Rain, Worms and Politics

Each time a hard rain comes, I can count on two things: lots of usnea on the ground and many worms struggling to survive in my carport.

Worm 1

We’ll visit the medicine of usnea another day; today I want to explore Worm Medicine.

Sometimes when I save the worms, they are so exhausted from their struggle to find a safe place (namely, a section of earth that’s not completely saturated), or so covered in pollen and dirt, they are easy to pick up, rinse off and place gently in a bowl of soil.

Worms

Some worms, however, are fresh out of the water and they’re just small enough and strong enough that they struggle to get away from me, and tending to these worms is a challenge. I have a really hard time picking them up. On occasion I accidentally tear one, and I hate when that happens. It’s not my intention to hurt them.

Broken Worm

I see the value of worms. I understand what they represent; they enrich my heavy clay soil, and make tunnels, allowing water and air to nourish the earth. Their castings bring nourishment to plants. Good bacteria and fungi are more present in areas where earthworms are abundant.

I love them.

Sometimes, when conditions outside their control occur, they can no longer stay in their homes, so they are pushed to the surface of the earth and they struggle to survive. (The birds are really grateful for this, but the situation isn’t always happy for the worms).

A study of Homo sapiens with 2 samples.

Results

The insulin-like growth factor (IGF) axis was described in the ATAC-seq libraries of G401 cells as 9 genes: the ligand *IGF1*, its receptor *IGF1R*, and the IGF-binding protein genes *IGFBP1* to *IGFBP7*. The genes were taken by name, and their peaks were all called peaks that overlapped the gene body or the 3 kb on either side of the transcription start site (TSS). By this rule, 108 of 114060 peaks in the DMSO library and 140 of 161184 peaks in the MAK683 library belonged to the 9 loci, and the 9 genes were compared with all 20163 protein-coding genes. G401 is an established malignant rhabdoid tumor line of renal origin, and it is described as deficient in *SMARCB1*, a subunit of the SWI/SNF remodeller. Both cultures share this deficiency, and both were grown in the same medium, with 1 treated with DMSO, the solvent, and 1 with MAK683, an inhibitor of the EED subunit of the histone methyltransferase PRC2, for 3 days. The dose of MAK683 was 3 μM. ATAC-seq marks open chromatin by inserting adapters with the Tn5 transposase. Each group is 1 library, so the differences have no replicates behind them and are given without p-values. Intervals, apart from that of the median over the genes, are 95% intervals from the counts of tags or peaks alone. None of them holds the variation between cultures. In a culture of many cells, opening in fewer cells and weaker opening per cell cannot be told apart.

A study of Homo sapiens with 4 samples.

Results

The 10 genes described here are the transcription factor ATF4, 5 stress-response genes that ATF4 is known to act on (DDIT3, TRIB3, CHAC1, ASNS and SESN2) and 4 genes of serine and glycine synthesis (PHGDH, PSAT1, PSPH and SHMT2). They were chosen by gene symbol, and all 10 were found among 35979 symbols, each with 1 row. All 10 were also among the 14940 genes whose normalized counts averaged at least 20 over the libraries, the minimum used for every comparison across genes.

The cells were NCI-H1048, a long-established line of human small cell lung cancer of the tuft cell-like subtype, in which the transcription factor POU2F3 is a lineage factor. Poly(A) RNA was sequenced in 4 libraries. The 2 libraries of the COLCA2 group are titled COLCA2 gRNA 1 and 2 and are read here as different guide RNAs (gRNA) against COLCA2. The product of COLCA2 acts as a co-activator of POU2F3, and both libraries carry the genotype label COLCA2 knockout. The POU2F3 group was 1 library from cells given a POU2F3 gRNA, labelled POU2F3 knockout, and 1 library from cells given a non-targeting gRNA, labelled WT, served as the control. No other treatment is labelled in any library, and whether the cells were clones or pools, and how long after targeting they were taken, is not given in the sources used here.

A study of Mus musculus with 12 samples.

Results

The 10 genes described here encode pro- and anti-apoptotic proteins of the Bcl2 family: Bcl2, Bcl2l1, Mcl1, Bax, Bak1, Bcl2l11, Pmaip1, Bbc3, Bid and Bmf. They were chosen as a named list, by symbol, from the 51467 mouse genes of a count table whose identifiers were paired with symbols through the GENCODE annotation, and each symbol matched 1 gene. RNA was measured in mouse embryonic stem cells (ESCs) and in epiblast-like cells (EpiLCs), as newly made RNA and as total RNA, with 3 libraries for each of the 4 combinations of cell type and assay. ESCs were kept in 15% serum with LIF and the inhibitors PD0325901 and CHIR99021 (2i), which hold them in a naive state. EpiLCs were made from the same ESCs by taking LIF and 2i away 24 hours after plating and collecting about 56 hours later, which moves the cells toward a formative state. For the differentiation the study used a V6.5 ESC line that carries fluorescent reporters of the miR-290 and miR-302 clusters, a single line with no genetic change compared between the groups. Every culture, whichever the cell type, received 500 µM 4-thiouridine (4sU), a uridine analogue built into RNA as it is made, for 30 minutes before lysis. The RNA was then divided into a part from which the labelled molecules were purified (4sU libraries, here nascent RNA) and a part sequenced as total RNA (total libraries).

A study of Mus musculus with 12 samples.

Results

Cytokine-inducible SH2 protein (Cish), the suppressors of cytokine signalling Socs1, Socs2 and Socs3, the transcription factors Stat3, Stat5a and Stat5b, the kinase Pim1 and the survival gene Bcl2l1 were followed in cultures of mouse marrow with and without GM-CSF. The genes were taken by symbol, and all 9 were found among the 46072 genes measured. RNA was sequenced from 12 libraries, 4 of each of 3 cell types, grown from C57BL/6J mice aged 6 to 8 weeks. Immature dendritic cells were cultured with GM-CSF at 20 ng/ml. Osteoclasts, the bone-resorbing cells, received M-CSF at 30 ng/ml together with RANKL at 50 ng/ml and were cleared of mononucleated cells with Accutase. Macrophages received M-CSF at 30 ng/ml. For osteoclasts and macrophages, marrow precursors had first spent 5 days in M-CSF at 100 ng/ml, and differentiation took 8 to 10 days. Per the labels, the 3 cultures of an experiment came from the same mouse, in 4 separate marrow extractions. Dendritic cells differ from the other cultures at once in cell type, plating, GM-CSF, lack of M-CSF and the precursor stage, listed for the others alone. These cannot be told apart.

When I can get to them before the feathered ones, they go into a container of moist soil. After the rains, they are usually placed in one of my herb beds.

Temp Home

While tending to the worms this morning, I was thinking about the decision that the senators of MS made to pass the House Bill 1523, wondering how I could possibly make a difference in my community, in my state, when my state representives most definitely do not represent me.

I can send letters to my senators.

I can announce to all and sundry, “Come to the Holistic Center. I will not judge you or turn you away. You are accepted, loved and supported here, no matter what you believe and no matter your sexual preference or identity.”

I can use my privilege as a white, straight woman to speak up about what equality means to me and I can choose how I walk this earth in integrity.

I can love and accept and welcome those who hold completely opposite views. Because when I hold resentment and defensiveness and hate in my heart, it’s still hate. And in the deepest part of my heart, I know that hate can hurt us; it can freeze us; it can kill us. Even if we feel it’s justified.

And so I look for something to do that can generate compassion in my heart.

I speak up for my loved ones, my friends and myself.

I offer my work and my space to anyone whose heart hurts because of this painful step backwards that our state is preparing to take.

I save worms.


I am an Integrative CranioSacral therapist, Earth Medicine practitioner, and ceremonial herbalist, specializing in integrative mind-body therapies, and I work and teach at the Holistic Center in Tupelo, MS.